01 September 2007

Mr C was in his early thirties and had had a difficult upbringing, living largely in care homes until the age of 16. For many years he had misused alcohol and drugs and slept rough or at hostels. Lately, he had started to get things together, had moved into a flat of his own and had registered at his local general practice.

Mr C came to see one of the partners, Dr S, who remembered him from his stint in A&E as a junior doctor. Mr C complained of being very tired, sleeping a lot, a hacking cough and chronic nausea with vomiting. He admitted to drinking several litres of strong cider per day, but was adamant that he had used no illegal drugs since finding a place to live. Dr S found no physical signs on examination except a temperature of 38.2°C and scattered wheeze and crackles in his chest. Dr S thought that Mr C had a chest infection and alcohol-induced gastritis. He prescribed amoxicillin and ranitidine and advised Mr C to abstain from or cut down on drinking, and arranged a review in a week’s time. Unfortunately Mr C did not attend.

The next time Mr C came to the practice he saw Dr K. He felt worse and “poorly all the time”, so much so that he had virtually stopped drinking alcohol as it made him feel worse. Dr K checked some screening blood tests which showed a moderately raised gamma-GT and an elevated ESR of 54 mm/hr with a raised CRP of 20 mg/l. Unfortunately, Mr C did not attend his review appointment to discuss his blood tests.

Mr C attended twice more, and missed another three appointments. He had the same complaints, a cough being prominent, for which he was prescribed further courses of amoxicillin, by both Dr K and Dr S. Three months after his first attendance, he was seen in the local A&E department and admitted under the care of a physician. He was found to be suffering from subacute bacterial endocarditis and required prolonged intravenous antibiotic therapy and heart-valve replacement surgery.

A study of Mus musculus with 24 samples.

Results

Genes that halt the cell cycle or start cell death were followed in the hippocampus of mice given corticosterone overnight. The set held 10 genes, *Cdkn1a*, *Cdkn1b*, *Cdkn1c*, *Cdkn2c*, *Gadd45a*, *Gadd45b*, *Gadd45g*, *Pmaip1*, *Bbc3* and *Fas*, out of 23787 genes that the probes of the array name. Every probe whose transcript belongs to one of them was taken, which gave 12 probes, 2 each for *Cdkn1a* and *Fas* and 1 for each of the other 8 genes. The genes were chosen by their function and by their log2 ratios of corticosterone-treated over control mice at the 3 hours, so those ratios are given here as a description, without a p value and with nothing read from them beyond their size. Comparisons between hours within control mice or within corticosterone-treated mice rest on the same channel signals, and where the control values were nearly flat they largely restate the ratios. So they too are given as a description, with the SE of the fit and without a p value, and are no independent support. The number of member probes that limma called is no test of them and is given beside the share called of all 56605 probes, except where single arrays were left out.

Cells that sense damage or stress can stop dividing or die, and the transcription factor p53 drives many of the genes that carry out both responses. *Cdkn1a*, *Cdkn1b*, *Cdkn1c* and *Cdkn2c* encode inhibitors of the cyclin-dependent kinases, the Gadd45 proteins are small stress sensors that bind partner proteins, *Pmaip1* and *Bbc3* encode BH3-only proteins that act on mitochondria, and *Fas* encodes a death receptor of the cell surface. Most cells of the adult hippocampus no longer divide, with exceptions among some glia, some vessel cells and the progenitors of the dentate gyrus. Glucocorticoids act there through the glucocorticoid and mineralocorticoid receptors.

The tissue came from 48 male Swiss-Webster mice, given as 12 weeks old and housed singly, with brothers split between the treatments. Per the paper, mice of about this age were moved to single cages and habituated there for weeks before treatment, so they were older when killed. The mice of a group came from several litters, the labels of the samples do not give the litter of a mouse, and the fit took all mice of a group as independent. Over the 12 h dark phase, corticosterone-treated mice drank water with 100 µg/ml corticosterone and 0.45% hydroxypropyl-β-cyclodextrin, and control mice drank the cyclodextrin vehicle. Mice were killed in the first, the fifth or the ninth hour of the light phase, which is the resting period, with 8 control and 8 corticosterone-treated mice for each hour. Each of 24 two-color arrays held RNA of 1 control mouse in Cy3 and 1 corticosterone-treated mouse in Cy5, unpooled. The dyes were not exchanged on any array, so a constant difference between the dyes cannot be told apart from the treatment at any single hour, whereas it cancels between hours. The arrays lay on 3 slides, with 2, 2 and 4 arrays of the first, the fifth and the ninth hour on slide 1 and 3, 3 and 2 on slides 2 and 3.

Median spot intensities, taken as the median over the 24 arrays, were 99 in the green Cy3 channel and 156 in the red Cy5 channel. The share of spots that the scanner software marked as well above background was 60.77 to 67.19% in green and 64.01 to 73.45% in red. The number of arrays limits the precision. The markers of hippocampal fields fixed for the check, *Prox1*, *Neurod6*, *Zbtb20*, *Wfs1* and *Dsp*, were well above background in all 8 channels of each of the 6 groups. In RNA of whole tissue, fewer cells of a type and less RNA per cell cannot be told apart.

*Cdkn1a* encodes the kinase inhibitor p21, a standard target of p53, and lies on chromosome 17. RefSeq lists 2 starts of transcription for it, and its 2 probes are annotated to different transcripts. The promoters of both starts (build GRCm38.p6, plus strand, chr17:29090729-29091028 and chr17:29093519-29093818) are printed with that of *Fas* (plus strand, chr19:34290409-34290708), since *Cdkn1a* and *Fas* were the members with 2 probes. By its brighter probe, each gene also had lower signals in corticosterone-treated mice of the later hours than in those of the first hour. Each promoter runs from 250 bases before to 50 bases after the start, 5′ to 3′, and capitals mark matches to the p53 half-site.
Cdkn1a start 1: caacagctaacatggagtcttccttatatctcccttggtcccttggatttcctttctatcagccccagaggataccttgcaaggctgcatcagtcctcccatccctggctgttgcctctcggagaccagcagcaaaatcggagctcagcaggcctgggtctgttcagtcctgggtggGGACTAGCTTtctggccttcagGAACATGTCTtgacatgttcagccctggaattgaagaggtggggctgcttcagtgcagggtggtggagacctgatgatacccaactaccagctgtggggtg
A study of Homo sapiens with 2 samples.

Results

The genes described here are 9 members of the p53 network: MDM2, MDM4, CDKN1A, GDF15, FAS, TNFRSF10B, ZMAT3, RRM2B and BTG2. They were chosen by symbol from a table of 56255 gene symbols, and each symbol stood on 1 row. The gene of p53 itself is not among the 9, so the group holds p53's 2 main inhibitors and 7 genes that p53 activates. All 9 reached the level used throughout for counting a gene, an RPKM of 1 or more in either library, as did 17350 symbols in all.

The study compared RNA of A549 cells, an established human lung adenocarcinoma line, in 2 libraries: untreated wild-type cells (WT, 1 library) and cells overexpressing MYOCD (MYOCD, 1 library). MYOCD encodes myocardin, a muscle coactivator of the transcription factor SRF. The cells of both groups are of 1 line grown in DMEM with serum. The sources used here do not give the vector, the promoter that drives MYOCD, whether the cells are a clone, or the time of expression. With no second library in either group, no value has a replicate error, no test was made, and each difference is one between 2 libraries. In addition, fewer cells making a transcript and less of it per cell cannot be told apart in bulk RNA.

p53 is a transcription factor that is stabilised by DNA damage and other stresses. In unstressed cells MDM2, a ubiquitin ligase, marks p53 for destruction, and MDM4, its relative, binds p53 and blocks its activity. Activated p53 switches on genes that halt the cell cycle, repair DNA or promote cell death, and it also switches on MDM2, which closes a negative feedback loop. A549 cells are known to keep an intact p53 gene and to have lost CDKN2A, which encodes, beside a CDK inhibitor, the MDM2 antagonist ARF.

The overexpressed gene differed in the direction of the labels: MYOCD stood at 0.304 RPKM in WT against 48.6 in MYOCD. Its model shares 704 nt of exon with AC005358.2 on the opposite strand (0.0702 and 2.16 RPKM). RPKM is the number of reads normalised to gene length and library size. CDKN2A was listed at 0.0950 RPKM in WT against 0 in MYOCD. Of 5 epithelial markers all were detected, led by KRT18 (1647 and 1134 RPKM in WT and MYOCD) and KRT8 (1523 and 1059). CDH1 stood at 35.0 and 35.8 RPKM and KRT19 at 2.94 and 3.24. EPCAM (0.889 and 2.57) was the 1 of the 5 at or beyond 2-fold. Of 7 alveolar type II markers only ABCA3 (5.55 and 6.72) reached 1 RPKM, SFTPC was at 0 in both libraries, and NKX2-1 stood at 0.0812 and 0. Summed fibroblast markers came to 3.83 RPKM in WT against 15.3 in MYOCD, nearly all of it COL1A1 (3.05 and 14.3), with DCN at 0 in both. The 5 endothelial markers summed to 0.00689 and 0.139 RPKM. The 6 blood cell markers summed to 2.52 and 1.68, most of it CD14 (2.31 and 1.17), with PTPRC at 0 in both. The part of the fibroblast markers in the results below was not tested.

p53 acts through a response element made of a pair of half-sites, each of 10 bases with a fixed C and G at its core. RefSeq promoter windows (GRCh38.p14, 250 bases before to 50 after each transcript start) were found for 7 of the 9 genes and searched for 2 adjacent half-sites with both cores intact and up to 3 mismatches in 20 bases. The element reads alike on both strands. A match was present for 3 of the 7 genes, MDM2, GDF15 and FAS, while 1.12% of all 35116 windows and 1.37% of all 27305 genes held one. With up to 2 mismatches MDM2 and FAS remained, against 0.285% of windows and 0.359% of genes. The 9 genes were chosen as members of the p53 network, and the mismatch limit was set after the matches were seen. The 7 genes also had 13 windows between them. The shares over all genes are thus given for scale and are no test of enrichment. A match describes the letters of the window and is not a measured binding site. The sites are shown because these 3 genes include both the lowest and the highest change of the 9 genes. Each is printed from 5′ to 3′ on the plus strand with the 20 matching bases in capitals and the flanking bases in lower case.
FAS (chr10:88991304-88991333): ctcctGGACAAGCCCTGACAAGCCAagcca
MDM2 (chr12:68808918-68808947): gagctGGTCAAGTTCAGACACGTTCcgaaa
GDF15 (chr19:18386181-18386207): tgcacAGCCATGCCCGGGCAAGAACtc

Mr C started a legal claim against Drs K and S alleging that they had been negligent in not considering the diagnosis of endocarditis and seeking evidence of it by further investigation or referral.

Expert opinion

An expert in general practice commented that Mr C appeared to be a very difficult person to help at times, and sympathised with the difficulty of assessing illness in someone with a relatively chaotic lifestyle and recurrent non-attendance at appointments.

However, the expert added that Mr C’s continuing and consistent non-specific complaints, in the context of a raised ESR/CRP, and the possibility of previous intravenous drug use, should have prompted a consideration of the diagnosis of bacterial endocarditis.

At the very least, it was felt that the abnormal blood results and chronic complaints should have prompted their repetition and further investigation for a focus of infection or other cause. The expert was critical of the documented extent of physical examination carried out at each visit, pointing out that there was little confirmatory clinical evidence of a chest infection, according to the notes.

An expert in cardiothoracic medicine noted that earlier diagnosis may not have significantly altered the outcome for Mr C, as surgery was likely to have been necessary in what was thought to be a relatively chronic and indolent presentation of subacute bacterial endocarditis.

We defended Drs S and K on the grounds that any alleged deficiency in their approach to the case could not be proved to have caused harm to Mr C, and the claim was eventually discontinued.

Learning points

  • Abnormal investigation results must be acted upon, and either repeated to confirm their relevance, or a cause sought for the derangement.
  • Where a patient’s complaints are prolonged and unchanging and therapy does not appear to be helping, take a step back and ask yourself if there is an alternative explanation for the patient’s symptoms, signs and investigation findings. Seek advice from a specialist if you are unsure.
  • For a negligence claim to succeed, it must be shown that there was a breach of a duty of care to the patient, and that this directly caused the patient harm. A causal link between the doctors' management of Mr C and the damage to his heart could not be established, so we were able to defend the case.
  • It is good practice to have a system in place to track patients who do not attend. This is particularly useful when you have asked patients to come back and see you for review. It will help give you peace of mind, and make sure that patients who need to be seen do not slip through the net.
  • Although it did not appear to be a major issue in this case, take care not to dismiss the complaints of those with mental health/drug-misuse issues or chaotic lifestyles. These factors actually make them more (rather than less) likely to be physically ill.